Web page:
Thursday, November 7th, 2013
Perhaps the most interesting urbanist election Tuesday was in Cincinnati, where the main issue in the campaign seems to have been the under-construction streetcar project. John Cranley, a Democrat who vowed to halt construction, as well as to cancel a pending parking privatization contract, was elected by a significant margin over Roxanne Qualls. Given that an anti-streetcar city council was elected as well, it seems likely Cincinnati will halt the project.
Let me stipulate that I was never really that big a fan of the streetcar. Not evil, but certainly not at the top of what I’d see as the priority list for Cincinnati. And I’m a resolute opponent of parking meter privatizations as most of you know. Yet I can’t help but see this as a perfect example of why Cincinnati, a city that has more assets than any comparable sized place in America, has long been a national laggard.
The New Republican Strategy: Cancelling In-Flight Projects
But before that, I’d like to highlight this as part of a national trend. As with Chris Christie and the ARC tunnel project in New York, Cranley (a Democrat backed by the Tea Party) has vowed to stop the streetcar project, even though $22 million has already been spent on it and another $71.4 million has already been obligated through contracts and is underway. (To put it in perspective, this is $95 million out of the total $133 million cost, a total that while, not cheap, certainly is nowhere near say stadium or major highway projects). Streetcar supporters say that it will cost more to stop the project than finish it. The project manager disputes that but admits the cancellation cost is unknown. I suspect the cancellation costs will be pretty steep, and local government will take a bath on it since there are a huge amount of federal grants on the project that can’t be used and would even have to be paid back. This will no doubt also tarnish Cincinnati’s reputation with the US DOT, and I wouldn’t expect any discretionary grants to be becoming their way anytime soon.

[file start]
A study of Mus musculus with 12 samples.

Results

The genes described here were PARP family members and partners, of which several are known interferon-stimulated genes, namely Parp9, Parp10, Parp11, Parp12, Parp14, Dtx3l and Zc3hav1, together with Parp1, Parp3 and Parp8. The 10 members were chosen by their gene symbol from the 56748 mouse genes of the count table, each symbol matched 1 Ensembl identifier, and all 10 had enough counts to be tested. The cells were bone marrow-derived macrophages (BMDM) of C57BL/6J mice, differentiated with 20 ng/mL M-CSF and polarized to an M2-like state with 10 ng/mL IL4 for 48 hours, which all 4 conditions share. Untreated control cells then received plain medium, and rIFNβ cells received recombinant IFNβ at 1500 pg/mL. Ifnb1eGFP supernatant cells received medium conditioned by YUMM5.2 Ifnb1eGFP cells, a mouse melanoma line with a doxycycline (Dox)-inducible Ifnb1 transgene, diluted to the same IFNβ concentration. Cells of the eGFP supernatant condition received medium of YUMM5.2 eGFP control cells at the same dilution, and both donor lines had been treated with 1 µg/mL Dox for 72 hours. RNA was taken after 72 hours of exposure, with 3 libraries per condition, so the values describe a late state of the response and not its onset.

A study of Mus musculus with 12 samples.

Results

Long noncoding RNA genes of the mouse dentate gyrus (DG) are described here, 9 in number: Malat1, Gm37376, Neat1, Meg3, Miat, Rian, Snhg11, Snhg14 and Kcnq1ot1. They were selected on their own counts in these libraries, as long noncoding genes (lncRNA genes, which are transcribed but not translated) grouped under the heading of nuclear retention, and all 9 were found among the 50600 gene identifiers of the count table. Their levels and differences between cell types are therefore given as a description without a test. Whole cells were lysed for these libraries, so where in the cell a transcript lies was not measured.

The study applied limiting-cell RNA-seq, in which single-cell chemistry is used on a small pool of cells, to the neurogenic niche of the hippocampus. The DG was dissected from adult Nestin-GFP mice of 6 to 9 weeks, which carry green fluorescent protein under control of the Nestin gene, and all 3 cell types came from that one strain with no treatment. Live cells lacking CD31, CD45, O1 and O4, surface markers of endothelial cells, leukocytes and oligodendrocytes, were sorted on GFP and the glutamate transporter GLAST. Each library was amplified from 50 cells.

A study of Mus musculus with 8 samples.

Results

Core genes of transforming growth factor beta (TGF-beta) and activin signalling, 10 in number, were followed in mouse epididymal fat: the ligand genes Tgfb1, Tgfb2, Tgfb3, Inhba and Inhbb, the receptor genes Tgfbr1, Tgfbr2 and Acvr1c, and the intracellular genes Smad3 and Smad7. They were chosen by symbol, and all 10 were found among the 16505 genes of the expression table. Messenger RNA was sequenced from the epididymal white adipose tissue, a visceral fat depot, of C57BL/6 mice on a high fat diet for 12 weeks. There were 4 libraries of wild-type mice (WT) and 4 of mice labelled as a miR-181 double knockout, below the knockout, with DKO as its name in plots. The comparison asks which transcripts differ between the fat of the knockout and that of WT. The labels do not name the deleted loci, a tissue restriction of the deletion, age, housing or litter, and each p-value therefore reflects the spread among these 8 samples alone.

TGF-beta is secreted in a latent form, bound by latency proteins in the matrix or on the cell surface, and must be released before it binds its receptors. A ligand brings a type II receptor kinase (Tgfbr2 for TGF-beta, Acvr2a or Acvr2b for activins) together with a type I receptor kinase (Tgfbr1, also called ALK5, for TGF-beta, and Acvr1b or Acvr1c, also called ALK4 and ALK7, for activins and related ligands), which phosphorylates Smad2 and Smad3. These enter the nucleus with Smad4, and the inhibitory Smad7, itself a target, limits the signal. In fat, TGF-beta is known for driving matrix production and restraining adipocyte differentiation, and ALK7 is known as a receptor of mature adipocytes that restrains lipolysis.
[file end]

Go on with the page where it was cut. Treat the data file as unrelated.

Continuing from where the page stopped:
Christie and Cranley aren’t the only ones. Several Republican governors also turned back grants and cancelled projects approved by their predecessors. It’s worth mentioning that none of these guys ever turns back a highway grant, no matter how big the boondoggle. This belies the notion that Republican these politicians are actually fiscal conservatives.
This seems to be the new normal, and it’s going to increasingly make doing anything difficult. A city or state can spend untold years on a project and actually spend a boatload of money, only to have one election result in everything being thrown into the trash, even if construction is half over. (In fairness, the Democrats have uncorked what I believe to be an even more toxic dynamic, namely refusing to enforce laws their politicians don’t like. I already see state level Republicans nibbling at this in response, and I think it is going to get very, very ugly).
Why Cincinnati Has Struggled
This also illustrates perfectly why Cincinnati has struggled for so long. It’s a city with deep and toxic public divides, maybe the worst I’ve ever seen in America. Until this is overcome, which seems unlikely, don’t expect Cincinnati to be reaching its potential anytime soon.
As for Cranley, he says “we want to move the city forward.” However, his entire campaign was premised on stopping the city from moving forward in a direction he didn’t like. He may have said some things I’ve missed, but in the coverage I’ve seen of this, he hasn’t put forth any alternative vision, merely typical election-cycle bromides about balancing budgets and more cops and firefighters. It’s difficult for me to believe that a guy who ran for office to stop stuff will suddenly morph into a someone with a positive agenda, but we shall see.
In that Enquirer article, a commenter named Mark Miller (which a commenter suggests may be a pseudonymous account named after a local Tea Party leader) said, “Today is a very sad day for Cincinnati. Not only are we going back four years, we are setting this city back 50 years or more. One only has to look at the Cincinnati subway to see what small thinking brings to this city. Once we were Chicago. Post subway we could only hope to be Indy or Toledo.” That’s revealing of the extraordinary regard in which it holds itself. It’s also not strictly true. But it does get at something, namely that Cincinnati has squandered advantages most places would kill to have while other cities that started without much have actually gone on to build things.
It just goes to show that the real measure of a city isn’t in the stuff it has, but in the culture of its people. I know many incredible people in Cincinnati, but the cold reality is that the culture of the city is one of smug self-regard and self-sabotage. Until that changes, don’t expect Cincinnati to achieve the greatness of which it is manifestly so capable.